The clouds parted after the rains and the sun broke through, setting the stage for a spectacular dusk for the more than 500 guests assembled outside Christ Cathedral on Saturday, Oct. 13.
As if on cue, a rainbow appeared just as the Most Rev. Kevin W. Vann, Bishop of Orange, joined the pianist to play three tunes: “Getting to Know You,” “California, Here I Come” and, of course, “Over the Rainbow.”
Light into darkness, and darkness into light, were the perfect themes for the “First Lighting & Blessing of the Quatrefoils,” a key milestone in the $77 million renovation of the former Crystal Cathedral in Garden Grove that began June 1, 2017.
Christ Cathedral, purchased by the diocese in 2012 for $57.5 million, twinkled at dusk like the Milky Way when the switch was flipped to turn on the lights behind the quatrefoils – aluminum, triangular-shaped structures that improve the acoustics and temperature control in the interior of the cathedral.
More than 11,000 quatrefoils — none are believed to exist on any other building in the world, Church officials say – are fixed to the steel skeleton of the cathedral.
The triangles on each panel remain open to varying degrees (between 15 and 45) to let in light based on how the sun passes over the cathedral, the very Rev. Christopher Smith, rector and episcopal vicar at Christ Cathedral, said.
“Not only do they help with the acoustics and interior temperature,” Smith said, “but they’re also aesthetically beautiful.”
A handful of blessing ceremonies have been held during the transformation of the former Crystal Cathedral into Christ Cathedral. But the Oct. 13 event marked the first time that select members of the public – those who donated a minimum of $10,000 to the successful For Christ Forever Campaign, which is supporting the extensive remodeling of the church got a sneak peek inside to see the progress.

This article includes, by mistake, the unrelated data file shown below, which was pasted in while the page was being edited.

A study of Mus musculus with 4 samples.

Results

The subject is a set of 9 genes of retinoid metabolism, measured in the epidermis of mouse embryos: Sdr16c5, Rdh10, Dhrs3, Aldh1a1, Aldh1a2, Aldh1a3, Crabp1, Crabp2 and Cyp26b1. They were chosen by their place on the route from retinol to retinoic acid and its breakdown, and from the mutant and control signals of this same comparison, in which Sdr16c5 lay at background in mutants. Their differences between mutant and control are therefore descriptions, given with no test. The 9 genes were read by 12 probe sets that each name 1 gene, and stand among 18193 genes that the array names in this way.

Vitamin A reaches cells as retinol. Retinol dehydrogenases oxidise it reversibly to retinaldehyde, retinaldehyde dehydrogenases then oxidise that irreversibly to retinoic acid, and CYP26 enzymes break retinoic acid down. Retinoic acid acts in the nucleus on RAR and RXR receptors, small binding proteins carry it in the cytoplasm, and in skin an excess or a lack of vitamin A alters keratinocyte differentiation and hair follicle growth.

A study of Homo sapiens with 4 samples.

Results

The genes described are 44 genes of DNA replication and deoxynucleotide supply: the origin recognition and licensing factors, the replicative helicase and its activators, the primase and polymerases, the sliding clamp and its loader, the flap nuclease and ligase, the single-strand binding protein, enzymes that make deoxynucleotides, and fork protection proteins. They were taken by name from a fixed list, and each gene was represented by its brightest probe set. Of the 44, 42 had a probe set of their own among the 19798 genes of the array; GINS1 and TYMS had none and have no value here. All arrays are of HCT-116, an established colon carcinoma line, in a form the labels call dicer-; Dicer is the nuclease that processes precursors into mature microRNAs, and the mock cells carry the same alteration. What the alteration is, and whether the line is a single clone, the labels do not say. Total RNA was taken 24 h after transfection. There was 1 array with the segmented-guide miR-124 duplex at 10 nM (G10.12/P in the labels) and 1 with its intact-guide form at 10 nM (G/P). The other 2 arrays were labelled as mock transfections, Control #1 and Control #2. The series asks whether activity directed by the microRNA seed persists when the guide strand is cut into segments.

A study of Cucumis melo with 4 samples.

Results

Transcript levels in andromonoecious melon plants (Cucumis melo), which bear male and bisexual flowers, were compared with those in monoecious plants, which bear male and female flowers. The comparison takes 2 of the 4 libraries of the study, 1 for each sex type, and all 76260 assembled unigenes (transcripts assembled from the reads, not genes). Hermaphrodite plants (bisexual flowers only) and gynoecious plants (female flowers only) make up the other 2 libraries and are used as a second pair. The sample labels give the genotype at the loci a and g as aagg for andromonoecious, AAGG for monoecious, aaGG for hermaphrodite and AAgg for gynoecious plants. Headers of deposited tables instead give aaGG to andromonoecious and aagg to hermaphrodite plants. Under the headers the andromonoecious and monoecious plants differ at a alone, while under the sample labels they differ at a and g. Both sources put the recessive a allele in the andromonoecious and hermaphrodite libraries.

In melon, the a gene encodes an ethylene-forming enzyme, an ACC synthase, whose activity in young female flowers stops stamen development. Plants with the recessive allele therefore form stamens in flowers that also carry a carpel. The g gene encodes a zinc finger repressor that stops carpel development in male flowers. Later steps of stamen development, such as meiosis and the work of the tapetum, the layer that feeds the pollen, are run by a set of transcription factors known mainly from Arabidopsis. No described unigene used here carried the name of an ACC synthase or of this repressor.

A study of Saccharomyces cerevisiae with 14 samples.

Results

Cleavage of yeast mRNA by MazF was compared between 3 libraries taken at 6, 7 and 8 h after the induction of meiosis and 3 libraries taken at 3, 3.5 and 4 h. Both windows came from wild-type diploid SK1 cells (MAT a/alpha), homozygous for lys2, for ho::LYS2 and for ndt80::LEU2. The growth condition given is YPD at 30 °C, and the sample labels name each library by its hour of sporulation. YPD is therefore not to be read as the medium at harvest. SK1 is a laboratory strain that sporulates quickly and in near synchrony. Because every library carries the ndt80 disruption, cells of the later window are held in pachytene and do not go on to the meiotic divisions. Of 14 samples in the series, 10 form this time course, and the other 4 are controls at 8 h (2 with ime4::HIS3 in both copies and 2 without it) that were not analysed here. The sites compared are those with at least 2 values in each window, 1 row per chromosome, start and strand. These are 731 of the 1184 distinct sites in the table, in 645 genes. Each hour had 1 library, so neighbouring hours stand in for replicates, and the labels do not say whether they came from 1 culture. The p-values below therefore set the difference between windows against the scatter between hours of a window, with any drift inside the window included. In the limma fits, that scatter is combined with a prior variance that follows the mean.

And it served as a chance for Bishop Vann to announce he’s making a second personal pledge toward the remaining $5 million needed to complete the For Christ Forever campaign.
Launched in 2013, the campaign so
far has raised more than $127 million from some 28,000 O.C. families, said Cindy Bobruk, executive director of the Orange Catholic Foundation, an autonomous foundation that works in collaboration with the diocese to raise money to support all aspect of the Catholic faith in
In addition to funding renovation of the cathedral, the campaign has pumped more than $14 million into Catholic education in Orange County, including new technology and an endowment, and $1 million to support a retirement fund for priests. In addition, more than $11 million has been sent back to parishes to use for their own needs.
The Oct. 13 event, hosted by the Orange Catholic Foundation, was held in the Christ Cathedral Cultural Center. After guests enjoyed farm-to-table hors d’oeuvres and close-up views of items to be installed in the cathedral, including pews and images of sacred art, they assembled in the courtyard outside the cultural center.
There, guests enjoyed a choral procession and performance of “Let There Be Light,” just as the quatrefoils were illuminated.
The moon, a sliver, was reflected in the cathedral’s glass exterior.
The liturgy of the Word, led by Bishop Vann followed.
The first reading, from 1 Peter 2:4-9, concerned the living stone and God’s spiritual house, and the chosen ones who are called by God out of darkness into light.
“All of you here have been an integral part of this journey,” Bishop Vann said in his homily. “We call for the Lord’s blessing…on what will be.”
Guests then toured the cathedral, in which the floor of white marble stonework from Italy is nearly completed. A stone wall that rings the interior of the church also in nearly finished.
As they entered, guests illuminated their mobile phones to create the appearance of lit candles, at Bishop Vann’s suggestion.
The Most Rev. Thanh Thai Nguyen, auxiliary bishop, excitedly took in the altar, still very much under construction.
Upon completion, a suspended baldachin – a ceremonial canopy of stone, metal, or fabric over an altar, throne, or doorway – will hover like a spirit over the altar.
Bishop Nguyen marveled at the size of the interior.
“When I say Mass,” he said, “I’ll be able to look out at and see everyone.”
He added, with a smile: “Except for the choir, which will be behind me.”
Christ Cathedral will be able to
accommodate more than 2,000 people in 44,000 square feet of worship space.
The focal point of O.C.’s more than 1.6 million Catholics, the cathedral is expected to be completed in late March 2019.
Dedicated is scheduled for July 17, 2019.
“This is, above all, God’s work,” Bishop Vann remarked.